There is a direct correlation between climate change and nongreen buildings, with 98% of the world’s megacities already experiencing climate risks, World Green Building Council (WGBC) CEO Terri Willis said on Wednesday.
Addressing an audience at the country’s ninth yearly Green Building Convention, in Sandton, she explained that these climate risks included flooding, heatwaves and other dramatic weather events, such as the tornado that tore through Tembisa, in Gauteng, on Tuesday.
“Green buildings can help combat climate change owing to the positive environmental impact they have on the planet,” she said.
Willis pointed out that at the United Nations Framework Convention on Climate Change’s twenty-first Conference of the Parties (COP 21), held in Paris, in December, world leaders signed an agreement to combat climate change and limit global warming to 2 °C above pre-industrial levels.
She highlighted that buildings were featured prominently at that event for the first time.
“We were able to communicate to countries that the WGBC is here as a movement to help them reach their targets as part of the Paris agreement,” she said.
“Sectors that have a significant impact on climate change include buildings, transportation, and [traditional] energy suppliers,” she said.
She added that if people continued with business-as-usual practices across these sectors, the planet was headed towards 6 °C of global warming, the results of which would be catastrophic.
“We can get to the 2 °C target, but that means that in the buildings sector, we have to reduce 84 gigatons of carbon dioxide (CO2) by 2050, the equivalent of eliminating 22 000 coal-fired power plants.
She added that if the 2 °C reduction target was to be reached, “we need to get to net zero building as quickly as possible and we need to build green cities to ensure that buildings that are being constructed are green.”
Willis explained that a net-zero energy building, is a building with zero net energy consumption, meaning the total amount of energy used by the building on a yearly basis is roughly equal to the amount of renewable energy created on the site.
“We have to also work with national governments on policies that can create a positive environment for green building,” she said.
Last month, the WGBC launched a new project entitled Advancing Net Zero, with eight green building councils committing to introducing a ‘net green zero’ certification.
“To get to the 2 °C target all green buildings and renovations should be at net zero starting in 2030; that means no buildings should be built below net zero standards beyond 2030.”
She highlighted that all buildings should be net zero buildings by 2050.
The WGBC has collected analysis looking at the power of megacities around the world and it found that cities had a lot of power, compared with national governments, when it came to building regulations.
“Fifty-seven per cent of the world’s megacities have strong power when it comes to building regulations, meaning that the world’s mayors can set standards, benchmarks and regulations over buildings.”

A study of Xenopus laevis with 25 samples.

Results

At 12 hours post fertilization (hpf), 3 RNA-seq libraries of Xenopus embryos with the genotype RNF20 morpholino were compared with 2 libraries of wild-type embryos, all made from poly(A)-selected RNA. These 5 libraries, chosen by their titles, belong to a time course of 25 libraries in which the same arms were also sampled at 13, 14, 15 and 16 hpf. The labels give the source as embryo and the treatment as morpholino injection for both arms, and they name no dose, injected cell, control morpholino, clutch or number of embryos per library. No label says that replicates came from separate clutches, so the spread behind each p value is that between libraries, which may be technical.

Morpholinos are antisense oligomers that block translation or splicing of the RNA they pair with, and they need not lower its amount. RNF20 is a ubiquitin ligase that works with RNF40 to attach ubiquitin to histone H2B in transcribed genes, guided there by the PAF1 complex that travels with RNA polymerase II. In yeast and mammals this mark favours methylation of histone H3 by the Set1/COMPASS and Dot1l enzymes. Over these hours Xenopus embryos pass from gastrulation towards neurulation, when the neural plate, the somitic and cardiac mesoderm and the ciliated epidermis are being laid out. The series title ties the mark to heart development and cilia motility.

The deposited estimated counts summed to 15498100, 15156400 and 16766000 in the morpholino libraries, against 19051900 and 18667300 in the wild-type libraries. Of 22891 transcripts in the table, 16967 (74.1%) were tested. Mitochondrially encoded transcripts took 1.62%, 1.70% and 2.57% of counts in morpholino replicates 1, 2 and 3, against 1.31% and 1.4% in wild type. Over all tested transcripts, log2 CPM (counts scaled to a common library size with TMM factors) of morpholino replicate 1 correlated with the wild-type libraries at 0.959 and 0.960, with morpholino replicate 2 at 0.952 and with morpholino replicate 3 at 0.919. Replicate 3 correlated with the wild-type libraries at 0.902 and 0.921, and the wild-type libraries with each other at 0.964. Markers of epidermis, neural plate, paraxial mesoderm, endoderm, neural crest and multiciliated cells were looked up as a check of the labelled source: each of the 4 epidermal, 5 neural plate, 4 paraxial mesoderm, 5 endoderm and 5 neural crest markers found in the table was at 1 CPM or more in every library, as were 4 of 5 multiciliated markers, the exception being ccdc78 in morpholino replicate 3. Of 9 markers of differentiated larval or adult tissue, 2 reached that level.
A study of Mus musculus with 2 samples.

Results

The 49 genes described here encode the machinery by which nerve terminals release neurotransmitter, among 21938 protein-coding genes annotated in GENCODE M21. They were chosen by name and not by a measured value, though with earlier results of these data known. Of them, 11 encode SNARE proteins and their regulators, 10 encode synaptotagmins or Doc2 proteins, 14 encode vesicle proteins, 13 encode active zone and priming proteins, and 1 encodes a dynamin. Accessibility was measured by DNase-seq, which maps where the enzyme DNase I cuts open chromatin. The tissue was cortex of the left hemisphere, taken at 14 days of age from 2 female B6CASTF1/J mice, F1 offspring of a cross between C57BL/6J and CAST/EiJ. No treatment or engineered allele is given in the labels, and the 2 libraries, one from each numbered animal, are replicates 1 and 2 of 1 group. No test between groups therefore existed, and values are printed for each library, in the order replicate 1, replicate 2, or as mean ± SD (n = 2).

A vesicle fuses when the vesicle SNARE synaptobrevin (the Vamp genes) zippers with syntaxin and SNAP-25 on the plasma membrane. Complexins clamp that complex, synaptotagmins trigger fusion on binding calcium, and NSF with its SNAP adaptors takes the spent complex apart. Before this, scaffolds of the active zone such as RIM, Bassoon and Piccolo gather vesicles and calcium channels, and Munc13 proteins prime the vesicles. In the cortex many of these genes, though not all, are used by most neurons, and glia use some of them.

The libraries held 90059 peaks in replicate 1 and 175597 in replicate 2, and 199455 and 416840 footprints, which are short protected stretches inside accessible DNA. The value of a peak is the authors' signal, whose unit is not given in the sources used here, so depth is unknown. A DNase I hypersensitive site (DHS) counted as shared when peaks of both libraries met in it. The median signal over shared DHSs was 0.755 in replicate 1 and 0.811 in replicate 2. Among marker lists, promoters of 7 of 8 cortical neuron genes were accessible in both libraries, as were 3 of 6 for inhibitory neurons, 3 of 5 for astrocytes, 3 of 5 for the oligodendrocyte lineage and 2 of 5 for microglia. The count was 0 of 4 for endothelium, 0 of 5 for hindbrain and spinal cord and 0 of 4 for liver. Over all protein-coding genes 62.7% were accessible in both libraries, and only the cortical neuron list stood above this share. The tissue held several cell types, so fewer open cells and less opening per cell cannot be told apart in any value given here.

Meanwhile, Willis noted that the WGBC had been collecting evidence that outlined why green building was better for people from a health and wellbeing perspective.
“We have looked at the average operating cost of companies around the world. People often think that a green building’s impact is mainly focused on energy, but looking at companies, usually only about 1% of their overall operating costs come from energy,” she stated.
Willis pointed out that 90% of overall operating costs related to people, including staff costs and benefits and the productivity and happiness of employees, “which is critical to the success of a company”.
She said the WGBC had seen that green buildings have a tremendous impact on these operating costs.
“Statistics, evidence and case studies that we have been collecting show that people who sit next to a window, on average, sleep 46 minutes more at night than those who don’t,” she said.
She explained that the impact of that was better-rested staff who were more productive and engaged.
Air quality was also very important, she noted, adding that studies showed that, through improved air quality, productivity could increase by more than 11%.
A Harvard study, the ‘COG Effect Study’, compared people working in green buildings to people working in non-green buildings, and found that the cognitive performance of people working in green buildings improved by 300%, owing to lower CO2 levels and fresher air flow through green buildings.
“Information use, strategy and crisis response all showed a large improvement,” she said.
The WGBC also looked at the impacts of green buildings in the retail sector and found that customers stayed longer in the green retail space and that there was more foot traffic into green buildings.
“This shows the economic benefits and a potential boost in profits for green buildings when it comes to business,” she said.